A high performing organisation has a collection of well-functioning teams at its core. But as their world evolves perhaps by moving to a virtual space, even great teams can get stuck. Peculiar behaviours emerge that stop the team in its tracks. It is rare that people themselves are the source of the problem. Doubt, non-commitment, lack of trust, conflict – these behaviours are symptoms that something is awry in the work environment.
I support teams to unpick the interference. Sometimes, they need to learn new things. Sometimes, they need specialist knowhow for a period of time. Sometimes, they need help to simplify their processes or relationships with others. Sometimes, they need space to reflect on how to work better together using all the resources that they already have between them. As a result, the team stays glued together rather than stuck.
There are a number of ways that I help teams to improve their dynamics:
Our team diagnostics offer insight that enables more effective team conversations. Team dynamics can be affected by working context, supporting infrastructure, team competencies, people’s resilience and skill levels, and individual personalities. We explore the social capital that a team has from being physically together. The insight helps move the team quickly forward.
Team coaching helps improve collaboration, belonging and engagement within the team. We use online facilitation and coaching to help the team members find their voice and presence in the online space. We enable the team to develop their online relationships with each other.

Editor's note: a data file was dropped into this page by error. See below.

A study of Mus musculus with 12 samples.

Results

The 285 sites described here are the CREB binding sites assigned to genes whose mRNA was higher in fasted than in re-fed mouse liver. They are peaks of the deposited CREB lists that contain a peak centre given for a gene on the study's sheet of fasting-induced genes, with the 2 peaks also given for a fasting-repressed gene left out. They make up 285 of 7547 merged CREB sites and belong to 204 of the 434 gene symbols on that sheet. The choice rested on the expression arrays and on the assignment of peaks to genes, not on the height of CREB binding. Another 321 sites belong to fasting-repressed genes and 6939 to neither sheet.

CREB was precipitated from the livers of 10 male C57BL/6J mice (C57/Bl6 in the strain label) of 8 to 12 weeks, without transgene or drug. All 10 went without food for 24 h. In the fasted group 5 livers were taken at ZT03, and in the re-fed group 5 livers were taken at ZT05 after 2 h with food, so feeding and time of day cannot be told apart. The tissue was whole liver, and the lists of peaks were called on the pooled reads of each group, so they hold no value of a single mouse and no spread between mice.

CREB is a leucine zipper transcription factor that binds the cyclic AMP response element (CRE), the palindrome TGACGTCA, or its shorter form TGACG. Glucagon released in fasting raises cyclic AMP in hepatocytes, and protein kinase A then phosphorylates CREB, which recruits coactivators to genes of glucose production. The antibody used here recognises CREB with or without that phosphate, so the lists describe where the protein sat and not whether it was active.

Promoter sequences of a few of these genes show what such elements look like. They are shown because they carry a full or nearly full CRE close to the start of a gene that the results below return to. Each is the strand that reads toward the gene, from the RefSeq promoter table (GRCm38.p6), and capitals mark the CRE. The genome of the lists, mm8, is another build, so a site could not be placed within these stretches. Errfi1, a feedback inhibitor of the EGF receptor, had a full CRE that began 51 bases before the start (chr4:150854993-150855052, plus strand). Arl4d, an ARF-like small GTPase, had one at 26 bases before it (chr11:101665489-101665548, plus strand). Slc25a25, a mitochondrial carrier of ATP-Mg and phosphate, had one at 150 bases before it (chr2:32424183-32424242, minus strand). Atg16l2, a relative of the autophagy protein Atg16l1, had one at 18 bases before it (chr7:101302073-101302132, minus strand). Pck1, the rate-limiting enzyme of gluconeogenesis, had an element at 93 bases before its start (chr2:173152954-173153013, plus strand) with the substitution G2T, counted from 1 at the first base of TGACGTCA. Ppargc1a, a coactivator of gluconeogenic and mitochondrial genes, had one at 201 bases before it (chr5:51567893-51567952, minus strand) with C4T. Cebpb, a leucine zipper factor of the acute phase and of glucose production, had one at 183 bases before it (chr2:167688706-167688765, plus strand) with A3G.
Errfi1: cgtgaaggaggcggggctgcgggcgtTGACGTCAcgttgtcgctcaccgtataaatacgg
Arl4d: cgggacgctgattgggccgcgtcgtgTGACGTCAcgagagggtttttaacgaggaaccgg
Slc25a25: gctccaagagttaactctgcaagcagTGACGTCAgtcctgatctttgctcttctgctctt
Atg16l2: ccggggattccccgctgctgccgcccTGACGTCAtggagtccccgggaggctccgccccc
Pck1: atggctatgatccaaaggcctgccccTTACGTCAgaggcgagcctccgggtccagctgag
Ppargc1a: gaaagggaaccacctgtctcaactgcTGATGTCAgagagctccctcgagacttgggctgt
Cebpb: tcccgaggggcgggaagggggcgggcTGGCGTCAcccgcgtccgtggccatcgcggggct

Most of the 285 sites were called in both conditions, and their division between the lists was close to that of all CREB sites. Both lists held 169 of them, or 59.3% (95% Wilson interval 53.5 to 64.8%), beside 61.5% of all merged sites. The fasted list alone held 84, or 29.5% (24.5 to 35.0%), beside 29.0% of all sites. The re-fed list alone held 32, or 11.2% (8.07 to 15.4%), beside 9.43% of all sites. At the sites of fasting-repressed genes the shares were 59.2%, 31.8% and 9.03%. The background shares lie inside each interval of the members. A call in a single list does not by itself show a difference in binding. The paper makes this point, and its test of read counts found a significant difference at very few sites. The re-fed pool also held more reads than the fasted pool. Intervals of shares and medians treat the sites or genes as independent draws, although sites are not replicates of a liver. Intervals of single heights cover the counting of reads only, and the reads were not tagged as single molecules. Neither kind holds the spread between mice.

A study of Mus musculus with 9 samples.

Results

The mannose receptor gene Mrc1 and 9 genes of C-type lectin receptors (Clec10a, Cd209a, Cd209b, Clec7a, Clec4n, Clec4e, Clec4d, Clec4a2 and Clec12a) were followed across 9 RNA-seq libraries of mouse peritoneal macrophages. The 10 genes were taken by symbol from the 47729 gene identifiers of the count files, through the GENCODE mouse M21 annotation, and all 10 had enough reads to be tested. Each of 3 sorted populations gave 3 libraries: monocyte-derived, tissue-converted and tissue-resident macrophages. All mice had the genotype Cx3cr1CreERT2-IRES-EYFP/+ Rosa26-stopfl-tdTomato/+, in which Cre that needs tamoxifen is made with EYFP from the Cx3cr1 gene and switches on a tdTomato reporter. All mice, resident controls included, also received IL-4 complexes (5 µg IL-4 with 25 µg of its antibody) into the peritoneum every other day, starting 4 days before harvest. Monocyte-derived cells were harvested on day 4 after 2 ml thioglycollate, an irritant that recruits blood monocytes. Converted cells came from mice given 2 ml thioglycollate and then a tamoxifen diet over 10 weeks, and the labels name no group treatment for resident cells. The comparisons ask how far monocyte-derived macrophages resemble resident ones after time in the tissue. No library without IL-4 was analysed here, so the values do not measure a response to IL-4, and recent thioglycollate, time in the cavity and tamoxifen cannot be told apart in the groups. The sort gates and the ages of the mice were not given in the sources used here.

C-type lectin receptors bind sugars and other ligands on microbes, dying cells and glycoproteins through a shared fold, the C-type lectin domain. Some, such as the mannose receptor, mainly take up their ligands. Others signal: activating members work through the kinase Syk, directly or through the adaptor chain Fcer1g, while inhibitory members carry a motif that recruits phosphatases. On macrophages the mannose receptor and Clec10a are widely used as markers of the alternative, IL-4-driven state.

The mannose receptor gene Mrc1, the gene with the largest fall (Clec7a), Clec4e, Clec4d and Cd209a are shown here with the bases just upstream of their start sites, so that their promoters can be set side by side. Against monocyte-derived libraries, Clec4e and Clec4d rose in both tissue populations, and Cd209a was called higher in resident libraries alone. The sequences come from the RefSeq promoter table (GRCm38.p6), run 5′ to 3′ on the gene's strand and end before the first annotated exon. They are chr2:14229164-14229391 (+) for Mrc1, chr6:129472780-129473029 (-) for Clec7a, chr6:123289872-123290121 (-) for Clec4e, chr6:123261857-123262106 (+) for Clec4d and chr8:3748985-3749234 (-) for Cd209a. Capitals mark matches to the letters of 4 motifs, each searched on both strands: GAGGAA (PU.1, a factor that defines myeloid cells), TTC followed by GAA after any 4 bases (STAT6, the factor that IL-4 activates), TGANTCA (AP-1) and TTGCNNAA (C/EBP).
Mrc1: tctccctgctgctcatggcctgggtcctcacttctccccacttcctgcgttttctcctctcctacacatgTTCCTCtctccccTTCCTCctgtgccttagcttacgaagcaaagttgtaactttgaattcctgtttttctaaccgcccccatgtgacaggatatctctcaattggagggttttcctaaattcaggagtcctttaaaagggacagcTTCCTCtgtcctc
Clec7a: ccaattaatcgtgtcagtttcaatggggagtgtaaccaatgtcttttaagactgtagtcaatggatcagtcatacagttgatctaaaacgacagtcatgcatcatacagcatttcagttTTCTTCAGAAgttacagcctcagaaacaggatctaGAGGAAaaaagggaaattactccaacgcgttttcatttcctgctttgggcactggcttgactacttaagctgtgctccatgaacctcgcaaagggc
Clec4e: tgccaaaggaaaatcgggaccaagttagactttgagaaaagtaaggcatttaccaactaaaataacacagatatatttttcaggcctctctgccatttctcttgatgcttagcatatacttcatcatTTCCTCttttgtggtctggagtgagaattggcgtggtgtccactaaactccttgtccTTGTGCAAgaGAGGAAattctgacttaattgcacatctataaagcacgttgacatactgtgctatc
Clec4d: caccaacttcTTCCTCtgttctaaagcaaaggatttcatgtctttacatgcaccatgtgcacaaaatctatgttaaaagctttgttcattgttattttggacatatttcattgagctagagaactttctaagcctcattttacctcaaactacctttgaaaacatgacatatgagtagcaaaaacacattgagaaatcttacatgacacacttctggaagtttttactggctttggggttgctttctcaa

Team building boosts the relationships amongst team members through raising their self and social awareness such as through their personality differences and team role preferences. We provide a team workshop supported by individual assessment and coaching discussions.
Our research and publications
We regularly conduct research around organisational relationships and their value to organisational functioning and performance. These relationships include employee-manager relationship as well as the informal grapevine and communities such as creatives, technology gurus, people managers and a host of others that are vital to an organisation’s functioning.
Mapping social networks in organisations
This research explored the adaptability of social network mapping, a methodology developed by anthropologists to understand different cultures, to the business context. It explores why we would wish to understand informal social networks in our own organisations. Insight from this research confirmed the importance of understanding informal social structures in our workplace and how these contribute to employee engagement, retention, and career progression.
Published by The Work Foundation, June 2003. Authors: Kelly Drewery and William Davies.
How can organisations measure the level of trust in their organisation?
Relate, the relationship mediator, recently promoted the idea of a Relationship Quotient (RQ) for organisations. The better the RQ of an organisation, the greater asset it becomes to the organisation’s functioning – more people feeling connected, supported and attached. We are looking at the impact of trust on organisations – the benefits and the costs of trust. In an environment where no organisation can really promise job security, are we better off focusing on building people’s resilience to change rather than building their trust?